So we can see from this morning’s This Week that David Axelrod is not a good television surrogate, and we are reminded again that Obama has failed over the course of the last year to hold any hearings with respect to NATO support for the war in Afghanistan in his capacity as Chairman of the Subcommittee on European Affairs.  Indeed, during his chairmanship the subcommittee has not held any policy hearings.  Obama supporters fans usually dismiss this as trivia, but it goes directly to his credibility as an advocate of greater U.S. involvement in Afghanistan, which he just reiterated this week, because it is through his subcommittee that the Foreign Relations Committee gathers important information about European governments and NATO.  These are obviously critical to the Afghanistan mission. 

As someone who has been in an official position, albeit only for a year, to draw attention to NATO’s limited support for the Afghanistan mission and to show some leadership in his role as Senator, he has not done so.  The response will be: “Well, okay, but he was running for President!  He can’t be in two places at the same time!”  Well, exactly.  In a three-year U.S. Senate career he has been part of the majority for just over one, and in that year he has done literally nothing about a policy whose importance he is supposed to rate very highly because he has been too busy working for a promotion that would allow him to wield far greater power.  Further, if Obama is running on his superior judgement, what does it say about his judgement that he considered campaigning throughout 2007 more pressing and important than doing the work his constituents elected him to do?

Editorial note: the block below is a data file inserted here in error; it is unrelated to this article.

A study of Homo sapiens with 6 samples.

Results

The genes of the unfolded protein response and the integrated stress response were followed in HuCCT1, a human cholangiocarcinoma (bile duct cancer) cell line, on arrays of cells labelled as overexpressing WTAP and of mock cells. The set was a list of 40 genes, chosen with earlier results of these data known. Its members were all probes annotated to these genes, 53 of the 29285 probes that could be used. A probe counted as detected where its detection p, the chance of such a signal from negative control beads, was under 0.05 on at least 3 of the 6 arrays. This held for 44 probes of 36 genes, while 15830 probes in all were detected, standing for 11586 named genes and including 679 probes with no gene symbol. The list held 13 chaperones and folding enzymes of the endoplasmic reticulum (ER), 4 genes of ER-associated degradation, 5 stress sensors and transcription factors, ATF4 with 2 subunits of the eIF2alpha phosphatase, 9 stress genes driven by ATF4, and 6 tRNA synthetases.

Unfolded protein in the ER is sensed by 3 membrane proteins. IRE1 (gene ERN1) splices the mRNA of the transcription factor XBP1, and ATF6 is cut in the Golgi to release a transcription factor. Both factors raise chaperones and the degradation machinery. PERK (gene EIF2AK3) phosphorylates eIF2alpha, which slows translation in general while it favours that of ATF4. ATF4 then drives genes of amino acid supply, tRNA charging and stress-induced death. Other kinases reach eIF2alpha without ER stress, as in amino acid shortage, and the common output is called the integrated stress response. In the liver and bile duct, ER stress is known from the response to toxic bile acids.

As Conason’s December piece in Slate said:

Ritch points out that as subcommittee chair, Obama could have examined a wide variety of urgent matters, from the role of NATO in Afghanistan and Iraq to European energy policy and European responses to climate change — and of course, the undermining of the foundations of the Atlantic alliance by the Bush administration. There is, indeed, almost no issue of current global interest that would have fallen outside the subcommittee’s purview.      

Also, for someone whose subcommittee oversaw European affairs, it is remarkable that he has apparently not been to Europe very often and certainly not since taking over his chairmanship.  Obama and his backers like to talk about his biography as the source of a different perspective on foreign relations, but what can it say about his practical foreign policy experience that in the time he has been on the Foreign Relations Committee he has not actually visited the region whose relationship with the U.S. was his responsibility to oversee?  The neglect of Europe is not limited to Obama’s time in the Senate, but can also be seen in the absence of any statements on Europe, NATO or Russia in his formal campaign literature or in his foreign policy addresses, except insofar as it relates to his nonproliferation agenda.  It is particularly in light of his relative lack of interest in European affairs that makes his loose talk about “obligations” to Kosovo sound all the more disturbing.